Stretching – Refer to the link “Seated Stretching Exercises” and try to do whatever you are able to achieve as a start. Have patience. Repetitions of the movements a few times a day will get you there.
Posture & Standing – Feet shoulder width apart – Very Important. Do NOT stand with the feet together and DO NOT WALK with the feet close together. THINK TALL & WALK TALL & SIT TALL. Let your care-giver prop you up with some cushions until you are able to sit upright with your head and chin in a relaxed normal position. Remember that no one can swallow if their chin is tucked in to their chest.
Standing from a sitting position – You must lean forward with the upper body to give leverage to the movement. It is impossible to stand up from sitting without leaning forward. You must then learn to squeeze the abdominal muscles – which is like putting a car in to gear – and then stand upright. This is also an excellent exercise for you to practice daily.
Walking – Walking practice on the Spot. Take a step Forward, then a step Backwards, then step to One side then to the other side. Lift the knee as high as possible off the ground for each step. You must keep your feet shoulder width apart at all times – whether sitting, standing or walking. When walking or turning on the spot – lift the knees to take the foot out of the way.
Using a Walker – Walk upright and don’t LEAN on the walker. This adds too much pressure on the handgrips and wheels and acts as a brake on the walker. The walker is there to provide comfort, protection, balance and a feeling of security.
Seated Leg Extension Exercises.
Seated Leg Raise Exercises.
Standing Alternate Leg Lifts.
Hand and Finger exercises using Rubber Ball.
Using a Tissue – Always place tissues either in your shirt pocket or in the sleeve of your shirt, for ease of use. When they are in your trousers, the pocket needs to be pried open before the tissue can be placed in to it or retrieved which is very difficult. You will need to lift your top or whatever and then pry open the trouser pocket before trying to put the tissue in or to remove it.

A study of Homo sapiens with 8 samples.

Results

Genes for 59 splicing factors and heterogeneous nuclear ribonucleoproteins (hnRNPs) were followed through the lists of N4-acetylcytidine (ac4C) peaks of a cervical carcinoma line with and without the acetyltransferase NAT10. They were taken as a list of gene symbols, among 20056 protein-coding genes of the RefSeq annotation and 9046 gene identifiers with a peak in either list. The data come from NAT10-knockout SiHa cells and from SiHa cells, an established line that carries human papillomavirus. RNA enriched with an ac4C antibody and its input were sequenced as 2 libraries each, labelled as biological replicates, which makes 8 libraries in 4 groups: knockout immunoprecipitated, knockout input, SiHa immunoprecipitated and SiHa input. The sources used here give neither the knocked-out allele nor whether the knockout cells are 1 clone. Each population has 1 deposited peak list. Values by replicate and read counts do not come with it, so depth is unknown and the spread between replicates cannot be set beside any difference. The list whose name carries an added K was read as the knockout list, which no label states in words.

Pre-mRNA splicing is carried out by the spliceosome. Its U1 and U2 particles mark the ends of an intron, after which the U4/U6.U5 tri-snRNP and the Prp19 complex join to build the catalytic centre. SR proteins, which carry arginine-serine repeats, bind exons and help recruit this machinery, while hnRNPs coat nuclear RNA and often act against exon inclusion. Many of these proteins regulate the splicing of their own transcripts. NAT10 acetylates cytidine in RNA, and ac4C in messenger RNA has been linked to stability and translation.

Saliva – See the information above on “Saliva”. It is very difficult to swallow if and when the head is bent forward and the chin is tucked into the chest. THINK TALL at all times – whether sitting or standing or walking. Try to keep the lips dry by swallowing more frequently. But remember that swallowing is only possible if the lips and teeth are shut closed. If the mouth is open, no one is able to swallow. Inhale frequently through the nose with steady big breaths. Use a large "bib". This will help to collect the saliva and keep the saliva from spoiling the clothing. Use an adjustable book rest when working at your desk or reading and writing. This will allow you to sit more upright, which will make swallowing easier and place less strain on the shoulder/neck areas.
Eating Habits – Take small mouthfuls and chew / masticate the food well before swallowing. Again, use a large "bib".
Sit on the Bed - Turn the upper body and the arms from one side to the other. Then as an advanced movement lie flat on the bed. Slowly move the arms over to one side and if possible turn the upper body as well. Then follow this by moving the arms to the other side with as much of the upper body as possible. This is an advanced exercise. You will need assistance. Do not extend further than is comfortable.
Writing – Try to write as much as possible. Use lined paper so as to write in between the lines with as large letters as possible. At the outset this may be illegible scribble. Don’t be put off. Persevere and you will be surprised how quickly your writing talents will return. Make notes of reminders lest you forget. This is a good habit for everyone. Have writing materials handy.
Please remember that these are not easy movements by any means. So go easy. Don’t force the movement and do not get frustrated.
Practice, Patience, Encouragement and even pictures to register progress are all very important elements to a steady advancement.